The San Francisco Bay Area Chapter of the National Lawyers Guild (NLGSF) supports the right of people to take to the streets in protest of structural racism and the killing of black people. To that end, the NLGSF is organizing criminal defense for more than 350 people who have been arrested in the past 15 consecutive days of anti-police violence demonstrations. In conjunction with an activist legal support collective, the NLG has maintained a legal hotline since the protests began (415-285-1011), has been sending legal observers to demonstrations, and has been dispatching NLG volunteer attorneys to defend arrestees in court and obtain their release from jail.
The NLGSF calls on the San Francisco and Alameda County District Attorneys to drop all charges against people arrested standing up against police racism and violence.
"There is genuine anger about systemic racism and a crisis of accountability among law enforcement," said NLGSF Executive Director Carlos Villarreal. "District Attorneys should not waste resources prosecuting protesters while police who kill are left to roam our streets."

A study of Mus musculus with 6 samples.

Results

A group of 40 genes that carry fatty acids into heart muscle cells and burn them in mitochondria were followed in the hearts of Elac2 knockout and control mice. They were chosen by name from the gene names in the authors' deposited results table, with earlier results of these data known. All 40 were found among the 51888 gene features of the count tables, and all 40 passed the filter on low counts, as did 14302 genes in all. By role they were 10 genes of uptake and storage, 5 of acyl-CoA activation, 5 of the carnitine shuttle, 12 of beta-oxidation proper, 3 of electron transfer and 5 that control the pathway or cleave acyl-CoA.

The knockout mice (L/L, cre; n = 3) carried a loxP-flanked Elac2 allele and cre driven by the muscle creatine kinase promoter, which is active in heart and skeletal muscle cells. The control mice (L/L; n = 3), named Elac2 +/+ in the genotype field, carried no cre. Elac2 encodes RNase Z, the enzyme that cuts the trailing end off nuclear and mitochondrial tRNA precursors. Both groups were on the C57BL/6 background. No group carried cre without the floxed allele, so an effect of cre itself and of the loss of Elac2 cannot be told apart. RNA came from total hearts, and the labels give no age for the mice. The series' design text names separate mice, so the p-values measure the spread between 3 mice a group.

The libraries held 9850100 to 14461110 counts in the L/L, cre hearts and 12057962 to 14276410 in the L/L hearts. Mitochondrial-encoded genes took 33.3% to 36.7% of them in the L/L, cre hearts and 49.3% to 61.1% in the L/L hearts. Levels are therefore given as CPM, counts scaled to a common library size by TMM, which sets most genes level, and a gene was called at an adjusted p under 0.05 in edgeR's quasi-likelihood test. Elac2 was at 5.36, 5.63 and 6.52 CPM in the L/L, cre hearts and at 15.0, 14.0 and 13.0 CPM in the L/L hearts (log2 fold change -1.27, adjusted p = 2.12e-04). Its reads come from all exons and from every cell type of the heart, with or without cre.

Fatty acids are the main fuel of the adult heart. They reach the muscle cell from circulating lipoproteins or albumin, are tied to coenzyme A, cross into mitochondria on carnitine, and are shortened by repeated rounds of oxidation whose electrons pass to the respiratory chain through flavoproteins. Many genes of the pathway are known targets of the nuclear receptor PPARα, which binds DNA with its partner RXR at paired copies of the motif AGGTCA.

The NLGSF notes that resources for law enforcement have greatly increased over the past few decades, while accountability and transparency have decreased. Justice has been sorely lacking for a string of killings and assaults by police in the Bay Area and beyond, and the impact has been greatest in the black community and other communities of color.
"If elected officials and law enforcement leaders are concerned about violence, they should start by repealing laws that make police records secret, shrouding police from accountability," said NLGSF President Rachel Lederman. "Instead of more police, more technology and more weapons, public funds should be redirected to human needs."
Last year, the NLG won federal court settlements overhauling Oakland Police crowd control and mass arrest policy, and Alameda County mass arrest release policy, as well as more than $2 million for Justice for Oscar Grant and Occupy Oakland demonstrators whose civil rights were violated.